CONSHOHOCKEN, Pa

The bomb squad and police conducted an investigation Tuesday in Conshohocken at the Millennium Riverwalk Complex, which was the scene of a major fire last summer.

Police responded to an 11:30 a.m. report of a possible explosive device found in apartment building 4000 and remained at the complex for several hours.

Montgomery County authorities later said they recovered several weapons -- all of which are believed to be legally owned -- as well as other items from an apartment that was left uninhabitable by the August blaze and the presence of mold.

The items removed from the apartment belonged to a man described as a survivalist who was never allowed to return to the residence. He was said to be cooperating with the police investigation, Fox 29's Joyce Evans reported from the scene.

Investigators were taking the items -- including about 50 containers of rice -- to a crime lab to ensure that there was nothing illegal there, and that process was expected to take several days.

After arriving at the scene Tuesday morning, the Montgomery County Sheriff's Department Bomb Disposal Unit first X-rayed a black bag found near the complex entrance. It was found to have nothing inside.

Police then searched inside of the building and said, based on what they found inside, they felt further investigation was warranted.

The apartment complex told residents that a security company noticed a box of ammunition in the building, prompting the call to police.
http://www.myfoxphilly.com/myfox/pages/News/Detail?contentId=7643319&version=8&locale=EN-US&layoutCode=TSTY&pageId=3.2.1

So there was no bomb, but reason to investigate further. The story seems odd; was the man not allowed to return to the appartment because of the report/raid, or because of failure to pay dues? Seems he would have had the chance to move out his stuff were it the latter. The "mold" reason seems odd; with the rice and guns so intact the fire obviously didn't envelop the said building so why couldn't he/professionals retrieve his belongings soon afterward (last year)? Odd story in general, any local people hear what became of the legality of the rice/"other items"?
 


So, the guy isnt allowed to be there, he has a stock pile of guns and food, and "other items" I would look into it. It will be interesting to hear what exactly happened to all of his things though.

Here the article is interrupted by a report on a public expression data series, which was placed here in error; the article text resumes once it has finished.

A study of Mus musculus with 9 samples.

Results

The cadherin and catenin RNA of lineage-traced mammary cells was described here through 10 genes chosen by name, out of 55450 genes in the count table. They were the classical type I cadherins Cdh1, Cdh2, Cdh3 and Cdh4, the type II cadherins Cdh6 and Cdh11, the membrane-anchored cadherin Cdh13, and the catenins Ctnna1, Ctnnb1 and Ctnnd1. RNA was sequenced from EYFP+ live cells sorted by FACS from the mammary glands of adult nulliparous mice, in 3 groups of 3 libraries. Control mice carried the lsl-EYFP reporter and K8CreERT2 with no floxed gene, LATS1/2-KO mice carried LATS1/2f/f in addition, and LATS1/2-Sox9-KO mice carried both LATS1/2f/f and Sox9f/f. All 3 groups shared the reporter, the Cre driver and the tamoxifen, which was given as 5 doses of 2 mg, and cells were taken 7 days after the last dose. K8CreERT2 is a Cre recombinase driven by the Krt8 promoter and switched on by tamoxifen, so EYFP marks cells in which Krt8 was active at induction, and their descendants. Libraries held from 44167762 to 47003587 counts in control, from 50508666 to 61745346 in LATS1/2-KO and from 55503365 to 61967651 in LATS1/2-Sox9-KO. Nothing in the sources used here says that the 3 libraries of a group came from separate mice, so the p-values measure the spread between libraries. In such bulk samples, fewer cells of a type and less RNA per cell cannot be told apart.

Kinda like the pawn shop owner that was raided a few years ago. The cops were caught on camera deciding which guns they were going to keep for themselves.
 

 


If all they see is an ammo box or some bags of rice ~ talk about illegal search & seizure.

Pretty soon we'll all have to fight our own government to the death or have hidden homes...
 


 

 

 

they are most likely going to open all the containers to verify their contents, thus sabotaging their storage and possibly the contents. I seriously doubt he will be compensated for the materials/effort properly, if at all.
 

 

sh*t happens when ya have a structure fire...not sure I would want to save food that has "survived" a structure fire. They never really said what kind of containers (burlap? repacked airtight? paper?) Point is, fires produce some really nasty toxins during combustion of today's everyday and construction synthetics. Water damage? Who knows. If it were me, I'd be pissed, but glad I didn't burn...glad my guns didn't burn...suck it up and restock.
 


So, the guy isnt allowed to be there, he has a stock pile of guns and food, and "other items" I would look into it. It will be interesting to hear what exactly happened to all of his things though.
What would be your reasonable and articulateable suspicion?
 

 


(I live in the general vicinity, across the river). Just to shed a little more light on the situation: What happened was that the fire occurred mid afternoon, before evening rush hour. A construction area caught on fire, and tha blaze was so hot it spread to the buildings at issue in the article. To compound the problem, there seemed to be some delay in the fire department getting there. (nothing serious, but enough to make a difference in the extent of damage).

Most of the residents were at work, and by the time they got back there were strict controls over who could go where, and although they did bus in some people to salvage a few things, by and large most people were not permitted back in. They locked it down pretty good from what I understand. A few of the buildings were simply so hazardous that they started raizing them to te ground in short order. There was a bit of chaos for some of the residents to even get assistance with their pes, etc. You can probably still check out the community meeting about this on youtube.

So that guy probably was working during the day and couldn't get back in to retrieve his things.

Hope that adds a bit to the context of this.